Lawmakers in Trenton will be holding a legislative committee hearing this coming Thursday on New Jersey governor Chris Christie’s plan to renovate the State House, a project estimated to cost the state $300 million and expected to run over into the administration of Christie’s successor when he is term-limited out in 2018.
State Senator Ray Lesniak, a frequent critic of Christie who decided to relaunch his campaign for governor this week, called the public hearing of the Senate Economic Growth Committee for January 12th.
Lesniak, one of the state’s most outspoken progressives, called for details from the governor on where the funds will come from to make the improvements to the more than 200 year-old building.
“The governor made an announcement of his plan to spend $300 million to renovate the executive section of the State House without providing a full explanation of the importance of the renovations or its costs and he refused to answer any questions on the proposal,” said Senator Lesniak, who chairs the committee that has jurisdiction over the Economic Development Authority, which would issue the bonds to finance the project.
“The public and the Legislature need to review a detailed plan for the construction work, with substantiation for the cost estimates, and the EDA needs to explain its role in taking on the debt without voter approval.”
Lesniak filed the paperwork necessary to run for governor on Wednesday. He will face long odds against predicted Democratic favorite and former Goldman Sachs executive Phil Murphy, who is also facing a primary challenge from Assemblyman John Wisniewski.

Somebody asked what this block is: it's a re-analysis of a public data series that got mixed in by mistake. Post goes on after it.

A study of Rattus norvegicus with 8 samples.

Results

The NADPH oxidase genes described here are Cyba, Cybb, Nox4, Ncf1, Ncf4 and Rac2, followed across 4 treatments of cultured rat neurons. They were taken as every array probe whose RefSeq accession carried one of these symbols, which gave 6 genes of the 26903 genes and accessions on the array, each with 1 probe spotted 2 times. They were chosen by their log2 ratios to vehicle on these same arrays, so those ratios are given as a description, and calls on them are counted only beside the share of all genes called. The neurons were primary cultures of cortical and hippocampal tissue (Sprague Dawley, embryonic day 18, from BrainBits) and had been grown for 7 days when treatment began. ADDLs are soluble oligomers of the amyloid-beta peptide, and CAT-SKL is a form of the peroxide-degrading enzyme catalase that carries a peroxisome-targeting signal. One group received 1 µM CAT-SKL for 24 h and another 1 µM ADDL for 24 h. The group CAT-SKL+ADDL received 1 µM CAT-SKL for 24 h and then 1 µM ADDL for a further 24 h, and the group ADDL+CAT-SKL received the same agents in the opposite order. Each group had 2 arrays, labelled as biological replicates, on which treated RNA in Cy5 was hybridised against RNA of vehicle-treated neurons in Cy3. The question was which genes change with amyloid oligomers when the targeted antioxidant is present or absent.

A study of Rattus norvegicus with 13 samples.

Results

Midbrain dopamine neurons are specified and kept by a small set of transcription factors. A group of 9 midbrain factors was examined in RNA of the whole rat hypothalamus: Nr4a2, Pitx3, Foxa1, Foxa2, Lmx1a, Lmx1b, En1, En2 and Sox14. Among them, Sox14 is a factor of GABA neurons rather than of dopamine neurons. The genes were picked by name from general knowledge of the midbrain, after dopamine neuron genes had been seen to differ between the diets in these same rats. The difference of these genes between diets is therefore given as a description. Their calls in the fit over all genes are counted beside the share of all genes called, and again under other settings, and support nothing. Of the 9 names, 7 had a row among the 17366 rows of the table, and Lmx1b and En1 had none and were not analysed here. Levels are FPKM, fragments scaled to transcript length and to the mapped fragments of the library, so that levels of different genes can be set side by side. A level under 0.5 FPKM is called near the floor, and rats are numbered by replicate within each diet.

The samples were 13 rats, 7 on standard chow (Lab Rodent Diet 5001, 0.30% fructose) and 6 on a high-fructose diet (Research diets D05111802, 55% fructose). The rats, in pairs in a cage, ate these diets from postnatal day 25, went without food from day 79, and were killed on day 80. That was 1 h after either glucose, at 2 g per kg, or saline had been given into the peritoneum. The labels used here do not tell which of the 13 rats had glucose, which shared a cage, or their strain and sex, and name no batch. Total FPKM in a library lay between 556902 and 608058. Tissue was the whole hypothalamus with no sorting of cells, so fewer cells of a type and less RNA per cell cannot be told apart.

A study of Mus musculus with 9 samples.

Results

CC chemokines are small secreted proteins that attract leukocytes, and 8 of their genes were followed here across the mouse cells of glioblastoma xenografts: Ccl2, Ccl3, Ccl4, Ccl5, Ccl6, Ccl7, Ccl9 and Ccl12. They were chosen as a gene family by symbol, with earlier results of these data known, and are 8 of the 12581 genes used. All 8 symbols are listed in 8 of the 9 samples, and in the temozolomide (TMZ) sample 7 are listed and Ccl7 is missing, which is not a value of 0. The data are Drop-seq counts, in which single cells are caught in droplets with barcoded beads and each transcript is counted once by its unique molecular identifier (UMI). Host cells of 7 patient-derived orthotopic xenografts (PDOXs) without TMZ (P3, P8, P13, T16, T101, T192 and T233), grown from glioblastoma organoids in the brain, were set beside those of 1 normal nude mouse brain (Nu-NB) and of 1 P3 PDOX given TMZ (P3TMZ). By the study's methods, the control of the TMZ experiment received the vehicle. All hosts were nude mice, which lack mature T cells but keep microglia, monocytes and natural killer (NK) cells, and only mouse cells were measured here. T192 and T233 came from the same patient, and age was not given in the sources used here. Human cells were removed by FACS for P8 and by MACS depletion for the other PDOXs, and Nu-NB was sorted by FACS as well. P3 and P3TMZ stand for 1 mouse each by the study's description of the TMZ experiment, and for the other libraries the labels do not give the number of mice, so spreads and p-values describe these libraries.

Back in November, the announcement of the renovation served as Christie’s opportunity to change the subject amid speculation that he would be going to Washington for a cabinet position under president-elect Donald Trump. No questions from the press were permitted at that press conference, and Christie has not held another since.
Proceeding with the renovation would force Christie’s successor out of the State House and into rented space several blocks away.
“I’m hopeful the project will take about four years,” said the governor, whose 19 percent approval rating has sunk to the lowest of any governor in the country. “I’ll come back maybe as a tourist. For the governors who come after me, they deserve this to be done.”
Disclosure: Donald Trump is the father-in-law of Jared Kushner, the publisher of Observer Media.